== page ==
Windows PCs have been the desktop of choice for businesses for decades. However, as Apple products continue to grow in the mobile market, Mac computers have gradually been expanding in the enterprise market. While Windows still has a grip on the majority of office desktops, it’s hard to ignore the fact that Apple computers are prevailing in the workplace.
The iPhone and iPad have played a major role in opening doors for Apple in the enterprise. With more BYOD initiatives being implemented in all industries, the frontrunner for employees everywhere has consistently been the iPhone. As of 2014, 60% of businesses are supporting more than 100 Apple devices. While a great deal of these devices are in fact mobile, they have proven which type of products individual users prefer when given the choice. Apple desktops were once revered as only beneficial for creative roles like design, video editing, and photography. Today, however, this is no longer the case. The ease of use of the Apple OS has proven to be a major motive for users to request Macs over Windows PCs. In fact, according to a VMware survey based on 376 IT professionals, user preference was listed by 73% of respondents as to why they are now supporting Macs in the workplace. Other popular responses stated that Macs were easier to use, required less maintenance, and had security advantages that Windows lacked. Mass deployments, uncomplicated integration, and management capabilities are certainly beneficial to the remote, yet collaborative work being conducted in several industries today.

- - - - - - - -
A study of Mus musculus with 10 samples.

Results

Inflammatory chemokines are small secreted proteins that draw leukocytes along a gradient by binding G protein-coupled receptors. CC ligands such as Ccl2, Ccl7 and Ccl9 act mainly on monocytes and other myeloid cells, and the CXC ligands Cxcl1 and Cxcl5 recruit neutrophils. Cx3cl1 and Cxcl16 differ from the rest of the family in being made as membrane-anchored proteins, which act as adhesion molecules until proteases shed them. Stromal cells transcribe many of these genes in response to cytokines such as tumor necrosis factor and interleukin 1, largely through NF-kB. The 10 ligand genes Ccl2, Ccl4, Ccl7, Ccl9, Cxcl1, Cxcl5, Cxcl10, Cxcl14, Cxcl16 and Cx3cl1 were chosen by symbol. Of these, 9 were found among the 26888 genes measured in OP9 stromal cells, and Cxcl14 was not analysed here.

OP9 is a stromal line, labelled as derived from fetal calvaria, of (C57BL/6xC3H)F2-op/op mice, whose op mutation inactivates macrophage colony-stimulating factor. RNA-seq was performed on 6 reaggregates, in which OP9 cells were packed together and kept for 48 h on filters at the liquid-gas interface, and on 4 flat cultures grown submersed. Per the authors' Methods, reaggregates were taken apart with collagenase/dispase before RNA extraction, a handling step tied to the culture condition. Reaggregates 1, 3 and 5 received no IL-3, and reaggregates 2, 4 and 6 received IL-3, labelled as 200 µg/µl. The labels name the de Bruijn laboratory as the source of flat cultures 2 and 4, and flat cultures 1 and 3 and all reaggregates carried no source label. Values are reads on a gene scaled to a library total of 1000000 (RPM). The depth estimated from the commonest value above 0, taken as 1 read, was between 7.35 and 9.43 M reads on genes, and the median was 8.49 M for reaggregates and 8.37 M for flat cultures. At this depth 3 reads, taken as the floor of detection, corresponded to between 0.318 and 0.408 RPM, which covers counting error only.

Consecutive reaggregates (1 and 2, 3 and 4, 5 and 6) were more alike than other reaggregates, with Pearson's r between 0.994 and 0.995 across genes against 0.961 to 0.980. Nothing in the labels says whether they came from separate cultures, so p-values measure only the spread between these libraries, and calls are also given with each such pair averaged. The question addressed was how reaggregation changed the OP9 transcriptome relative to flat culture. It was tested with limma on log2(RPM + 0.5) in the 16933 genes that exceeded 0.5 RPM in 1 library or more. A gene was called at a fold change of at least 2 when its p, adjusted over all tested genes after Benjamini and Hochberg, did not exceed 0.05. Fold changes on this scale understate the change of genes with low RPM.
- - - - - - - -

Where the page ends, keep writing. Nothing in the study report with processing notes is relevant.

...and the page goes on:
While the consumer-led initiative has helped Apple break into the enterprise market, the tech-giant has diligently been growing on many fronts. Recent partnerships with IBM and Cisco, and the release of the iPad Pro, showcase Apple’s intentions and perpetual ingenuity. A bigger and more robust screen make the iPad Pro an obvious choice for a tablet solution. The iPad Pro can be considered a significant contender in substituting office computers. Further, Cisco’s video communication and collaboration technologies can be deeply integrated with the iOS. IBM’s big data and analytics capabilities will also allow for new levels of efficiency and effectiveness alongside Apple’s famous customer satisfaction ratings.
While the future does look optimistic for Apple making a move into the enterprise, the journey is still under development. Apple PC shipments currently hold roughly 12% of the market share in the U.S., still behind majority holders HP and Dell. With consumer demand on the rise, and efforts backed by strong partnerships, expect to see Apple computers and tablets make great strides into the enterprise. To learn more about Mac and OS X deployment options, check out our page at creative resources.net/osx. If you would like to keep the conversation going, send us a message on our Facebook or Twitter page, or fill out a Contact form to learn about the options from one of our System Administrators.